After a body was discovered in rural Barton County last year, Sheriff Greg Armstrong’s staff had a large area to search for evidence and needed to do it quickly. The Kansas Bureau of Investigation was there to help, and so were students from Barton Community College’s Criminal Justice program.
"(The students) came out and located some very good evidence for us," Armstrong said. Thanks to training received at the college, they knew what to look for, what to do, and what not to do at a crime scene.
The sheriff and other area law enforcement officials had words of praise when they spoke to Barton Community College trustees last week about the college’s Criminal Justice program.
Barton Criminal Justice students also help the Barton County Sheriff’s Office with training, playing the part of suspects in various scenarios. "It’s been a great benefit to my department, and to the people of Barton County," Armstrong said of the program.
Armstrong and Pawnee County Sheriff Scott King told trustees they’ve hired several of the students enrolled in the program coordinated by Randy Smith, a former Kansas Bureau of Investigation agent who now teaches at the college. Special Agent Bruce Mellor from the Great Bend office of the Kansas Bureau of Investigation, and Kent Schmidt, coordinator of training for the Kansas Department of Corrections at the Larned Mental Correctional Health Facility, also praised the program.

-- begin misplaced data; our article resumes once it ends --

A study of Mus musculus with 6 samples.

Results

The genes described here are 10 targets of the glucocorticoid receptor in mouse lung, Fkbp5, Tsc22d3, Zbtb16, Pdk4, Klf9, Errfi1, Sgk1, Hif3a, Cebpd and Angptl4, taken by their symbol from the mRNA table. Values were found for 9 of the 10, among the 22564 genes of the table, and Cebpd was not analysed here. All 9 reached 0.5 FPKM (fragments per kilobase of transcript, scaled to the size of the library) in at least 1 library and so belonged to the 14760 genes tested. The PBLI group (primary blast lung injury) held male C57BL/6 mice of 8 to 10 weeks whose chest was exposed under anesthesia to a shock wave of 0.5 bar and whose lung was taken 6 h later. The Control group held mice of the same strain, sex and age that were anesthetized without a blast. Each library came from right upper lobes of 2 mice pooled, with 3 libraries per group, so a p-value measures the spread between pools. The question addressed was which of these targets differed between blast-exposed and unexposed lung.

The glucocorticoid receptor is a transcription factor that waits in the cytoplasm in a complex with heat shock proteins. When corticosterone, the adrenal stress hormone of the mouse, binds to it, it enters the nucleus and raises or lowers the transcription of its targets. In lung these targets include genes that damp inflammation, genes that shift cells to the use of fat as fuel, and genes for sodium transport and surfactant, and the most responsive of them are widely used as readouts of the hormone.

The college trustees regularly schedule "linkage" meetings with area groups, including educators, legislators and workforce advisory groups. Barton President Dr. Carl Heilman said the meeting last Thursday with law enforcement was timely, given recent discussions with the Kansas Board of Regents. "We seem to have some disagreement about how training benefits our area," he said. (See related story.) "My position is, skills are developed (here)."
King and Mellor recalled that Garden City Community College had a stronger Criminal Justice program than BCC, back in the 1980s.
"I graduated from Barton County Community College," King said, but most of the program consisted of "listening to war stories" and learning to fill out paperwork. "Randy (Smith) has caught this program up," King continued. "I’m impressed with what Randy is doing."
A recent example is the Criminal Justice students’ participation in the annual Field Operations day, a day of hands-on education with simulated situations. Emergency Medical Technician and nursing students also take part in "Field Ops Day," along with numerous volunteer criminals and victims.
Mellor, who previously served on the advisory board for Garden City’s program, was also impressed with Field Ops Day. "The hands-on really helps," he said. "Randy has improved this program."
Smith said the relationship with area law enforcement is beneficial to the students as well. They find employment or internships, and can talk to officers about all aspects of the work. "If it wasn’t for law enforcement, I wouldn’t have what I have."